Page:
Individuals who improve the lives of others through volunteer work and strive to better themselves in cooperative education were honored at the Cal Poly Pomona Center for Community Engagement’s Reach Beyond Awards.
The eight honorees, ranging from a student to a community engagement partner, were recognized for their participation in the center’s programs and service to the community at the ceremony on April 28 at The Restaurant at Kellogg Ranch.
“The work you do has meaning and purpose,” University President Soraya M. Coley told the honorees and audience. “For those of us in this room, service is essential. It’s who we are.”
The awardees all worked with Center for Community Engagement programs, including service learning, Bronco Volunteer, cooperative education opportunities and academic internships, during the 2015-16 academic year
“For students, it’s a transformative experience that will change their lives,” says Michael Millar, director of the Center for Community Engagement. “For community and industry partners, it’s about building mutually beneficial partnerships with Cal Poly Pomona and its students and faculty. For Cal Poly Pomona faculty and staff, it’s about strengthening their ability to help their students and themselves to make a difference in the world.”
The honorees are:
- Makeda Bostic is the coordinator of Renaissance Scholars, a program empowers former foster youth like herself at Cal Poly Pomona. She graduated in 2005 and has been involved with the Center for Community Engagement since she was a student. “I want our students to experience community — and I believe there has to be a level of giving back to the community that you are part of whether you recognize it or not,” she says.
- Wei-Jen Lin is a professor of microbiology and the Biotechnology Internship Program coordinator. She facilitates the placement and assessment of student internships at companies, government agencies, and nearby universities and laboratories, and has built strong relationships with corporate partners. “Many of my students talk about how their experience has changed their lives,” she says.
- Tyler Madison knows the value of cooperative education. A paid internship tied to his academic work allowed him to work at the Metropolitan Water District in La Verne for more than two years while he was a student. Upon graduation in 2015, he was hired by a global leader in information technology systems. “I owe my success to cooperative education. Without my experience, I would not be where I am today,” he says.
- Vivianne Mitri is a second-year student and is the founder and president of the Alzheimer’s Buddy Program. She started visiting Alzheimer’s patients as part of a school project when she was 14, and saw the loneliness and isolation of these patients. “I want to dedicate my life to making significant social and medical contributions to the fight against neurodegenerative diseases, with Alzheimer’s being my first priority,” she says.
- Michael J. Rojas is an engineering section manager at the Metropolitan Water District, a longtime industry partner. In 2002, Metropolitan Water District formalized its Cooperative Education Program with the Center for Community Engagement. Since then, more than 185 Cal Poly Pomona students have been hired as cooperative education interns. “I strongly believe cooperative education benefits the student and the employer,” he says.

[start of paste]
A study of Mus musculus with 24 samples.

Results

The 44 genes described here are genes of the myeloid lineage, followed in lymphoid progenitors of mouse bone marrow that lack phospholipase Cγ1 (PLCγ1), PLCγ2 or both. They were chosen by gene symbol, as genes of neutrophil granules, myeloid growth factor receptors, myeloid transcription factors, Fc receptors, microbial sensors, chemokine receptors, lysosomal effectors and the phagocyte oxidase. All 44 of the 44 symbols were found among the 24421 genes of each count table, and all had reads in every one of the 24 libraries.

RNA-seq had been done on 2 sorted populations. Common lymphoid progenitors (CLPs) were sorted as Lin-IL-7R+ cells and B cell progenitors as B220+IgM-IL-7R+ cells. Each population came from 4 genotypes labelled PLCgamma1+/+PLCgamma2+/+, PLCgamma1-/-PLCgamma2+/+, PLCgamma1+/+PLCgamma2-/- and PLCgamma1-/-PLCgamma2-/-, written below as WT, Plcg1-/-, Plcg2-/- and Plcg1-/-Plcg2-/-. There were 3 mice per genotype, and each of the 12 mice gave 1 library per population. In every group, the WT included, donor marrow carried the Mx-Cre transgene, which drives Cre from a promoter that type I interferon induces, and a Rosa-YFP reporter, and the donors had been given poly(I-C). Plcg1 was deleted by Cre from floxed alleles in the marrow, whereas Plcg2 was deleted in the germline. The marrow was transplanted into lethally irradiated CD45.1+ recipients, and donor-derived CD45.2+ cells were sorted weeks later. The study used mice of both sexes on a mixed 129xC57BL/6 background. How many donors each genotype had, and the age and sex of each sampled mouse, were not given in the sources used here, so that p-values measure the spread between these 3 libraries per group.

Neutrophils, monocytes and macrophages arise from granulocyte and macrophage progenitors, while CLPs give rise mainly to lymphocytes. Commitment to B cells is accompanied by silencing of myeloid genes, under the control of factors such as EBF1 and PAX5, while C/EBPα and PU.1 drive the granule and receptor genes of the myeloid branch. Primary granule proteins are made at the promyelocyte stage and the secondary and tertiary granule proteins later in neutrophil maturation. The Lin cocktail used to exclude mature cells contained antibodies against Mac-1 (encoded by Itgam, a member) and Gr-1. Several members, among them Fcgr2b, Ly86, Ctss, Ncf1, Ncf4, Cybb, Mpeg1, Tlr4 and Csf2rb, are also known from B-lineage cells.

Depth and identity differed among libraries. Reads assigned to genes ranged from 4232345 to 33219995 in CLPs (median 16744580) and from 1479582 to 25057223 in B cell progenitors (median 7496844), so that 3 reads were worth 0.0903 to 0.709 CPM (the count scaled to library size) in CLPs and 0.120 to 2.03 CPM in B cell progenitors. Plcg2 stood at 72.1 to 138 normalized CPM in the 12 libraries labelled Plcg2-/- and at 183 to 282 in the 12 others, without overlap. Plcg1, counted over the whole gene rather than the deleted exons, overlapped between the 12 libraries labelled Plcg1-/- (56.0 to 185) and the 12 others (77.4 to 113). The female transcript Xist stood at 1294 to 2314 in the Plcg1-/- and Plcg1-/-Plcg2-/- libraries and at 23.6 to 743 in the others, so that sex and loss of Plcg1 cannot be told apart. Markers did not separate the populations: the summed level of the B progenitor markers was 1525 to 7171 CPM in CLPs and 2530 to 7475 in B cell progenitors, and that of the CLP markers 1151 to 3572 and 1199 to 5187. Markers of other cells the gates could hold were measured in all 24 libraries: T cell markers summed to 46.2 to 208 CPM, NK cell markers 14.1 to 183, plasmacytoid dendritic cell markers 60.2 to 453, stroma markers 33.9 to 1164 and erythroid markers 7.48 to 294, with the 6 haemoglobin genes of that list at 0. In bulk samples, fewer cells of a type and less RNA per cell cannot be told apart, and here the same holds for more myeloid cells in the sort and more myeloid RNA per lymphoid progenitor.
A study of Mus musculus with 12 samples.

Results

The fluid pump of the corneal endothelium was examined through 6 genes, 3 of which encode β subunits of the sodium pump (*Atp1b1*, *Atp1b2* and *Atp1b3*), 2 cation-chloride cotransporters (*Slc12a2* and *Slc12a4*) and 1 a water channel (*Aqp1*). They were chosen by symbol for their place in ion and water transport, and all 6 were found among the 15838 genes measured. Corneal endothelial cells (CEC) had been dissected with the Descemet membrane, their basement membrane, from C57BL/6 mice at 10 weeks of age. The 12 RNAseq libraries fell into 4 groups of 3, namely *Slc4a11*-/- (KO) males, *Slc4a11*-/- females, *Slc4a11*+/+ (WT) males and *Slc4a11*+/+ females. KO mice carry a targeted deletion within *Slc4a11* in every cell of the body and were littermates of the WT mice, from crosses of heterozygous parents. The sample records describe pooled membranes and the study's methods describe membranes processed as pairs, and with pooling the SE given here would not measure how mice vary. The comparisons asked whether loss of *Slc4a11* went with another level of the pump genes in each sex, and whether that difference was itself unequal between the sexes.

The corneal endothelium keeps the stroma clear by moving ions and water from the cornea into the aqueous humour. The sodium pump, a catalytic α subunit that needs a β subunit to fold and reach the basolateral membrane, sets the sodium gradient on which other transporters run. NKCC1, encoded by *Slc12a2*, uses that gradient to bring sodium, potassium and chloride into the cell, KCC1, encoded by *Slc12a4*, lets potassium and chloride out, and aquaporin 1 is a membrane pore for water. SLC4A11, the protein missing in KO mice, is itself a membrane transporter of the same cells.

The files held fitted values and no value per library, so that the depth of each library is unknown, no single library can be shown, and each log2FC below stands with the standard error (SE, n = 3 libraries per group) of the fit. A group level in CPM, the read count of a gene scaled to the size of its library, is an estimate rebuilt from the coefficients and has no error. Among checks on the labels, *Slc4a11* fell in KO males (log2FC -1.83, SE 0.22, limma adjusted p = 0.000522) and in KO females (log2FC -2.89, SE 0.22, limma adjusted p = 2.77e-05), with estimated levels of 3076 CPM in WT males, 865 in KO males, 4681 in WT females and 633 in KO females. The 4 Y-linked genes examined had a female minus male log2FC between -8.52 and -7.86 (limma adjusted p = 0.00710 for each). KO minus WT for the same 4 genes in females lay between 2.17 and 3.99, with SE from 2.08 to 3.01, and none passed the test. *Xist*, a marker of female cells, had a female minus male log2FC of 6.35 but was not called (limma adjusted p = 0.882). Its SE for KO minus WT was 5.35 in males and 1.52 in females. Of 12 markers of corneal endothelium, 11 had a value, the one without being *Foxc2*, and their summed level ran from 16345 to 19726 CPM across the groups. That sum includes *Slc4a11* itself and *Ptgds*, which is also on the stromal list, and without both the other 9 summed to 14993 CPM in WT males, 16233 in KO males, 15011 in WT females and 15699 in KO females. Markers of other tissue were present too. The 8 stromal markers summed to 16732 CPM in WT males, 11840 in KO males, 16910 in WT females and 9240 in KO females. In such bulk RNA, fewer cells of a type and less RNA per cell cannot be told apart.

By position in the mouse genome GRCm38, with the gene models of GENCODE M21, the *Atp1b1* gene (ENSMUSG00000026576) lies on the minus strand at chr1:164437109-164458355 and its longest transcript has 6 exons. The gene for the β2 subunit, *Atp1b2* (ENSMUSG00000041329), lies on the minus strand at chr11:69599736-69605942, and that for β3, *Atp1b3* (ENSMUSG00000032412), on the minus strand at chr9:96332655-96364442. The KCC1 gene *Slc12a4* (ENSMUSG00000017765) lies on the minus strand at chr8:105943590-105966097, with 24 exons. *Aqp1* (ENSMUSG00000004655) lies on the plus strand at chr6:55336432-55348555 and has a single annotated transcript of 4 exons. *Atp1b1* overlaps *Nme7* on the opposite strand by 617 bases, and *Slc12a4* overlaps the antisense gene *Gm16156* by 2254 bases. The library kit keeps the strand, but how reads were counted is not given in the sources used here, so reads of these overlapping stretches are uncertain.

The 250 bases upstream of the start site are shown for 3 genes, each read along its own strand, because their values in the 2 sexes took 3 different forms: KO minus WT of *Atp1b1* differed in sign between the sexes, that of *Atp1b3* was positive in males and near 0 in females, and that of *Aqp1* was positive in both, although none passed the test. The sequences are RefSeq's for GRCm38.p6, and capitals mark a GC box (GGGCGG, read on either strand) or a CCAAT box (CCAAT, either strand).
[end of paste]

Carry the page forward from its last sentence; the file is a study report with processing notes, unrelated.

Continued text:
- Bea Royster went from being a Peace Corps volunteer to attorney who connects Cal Poly Pomona service-learning students and volunteers to the Self-Help Legal Access Center. “Cal Poly Pomona students have consistently been willing to work with the community, to learn from the community, and to be of service to the community. They arrive with that mindset. Cal Poly Pomona students show up knowing this work is important,” she says.
- Laura Solis is an alumna and community partner. At Cal Poly Pomona, she tutored students in the Pomona Unified School District. She is principal at Kingsley Elementary School and has established the campus as a model partner for hosting multiple diverse projects in collaboration with Cal Poly Pomona. “The kids now understand that there are people who care about them and that there is a future beyond their challenges,” she says.
- Gwen Urey is a professor of urban and regional planning at Cal Poly Pomona’s College of Environmental Design who tries to instill civic pride in her students. She encourages them to make community contributions by building on the courses they have taken. In Urey’s 21 years at the university, more than 1,000 students have heeded her call to action. “Having students in community projects is the best way for them to learn,” she says.
The Center for Community Engagement seeks to enhance faculty engagement and scholarship; encourage student participating on campus and in the community; strengthen community partnerships support campus partnerships that promote civic engagement; and increase the visibility of center on campus and in surrounding communities.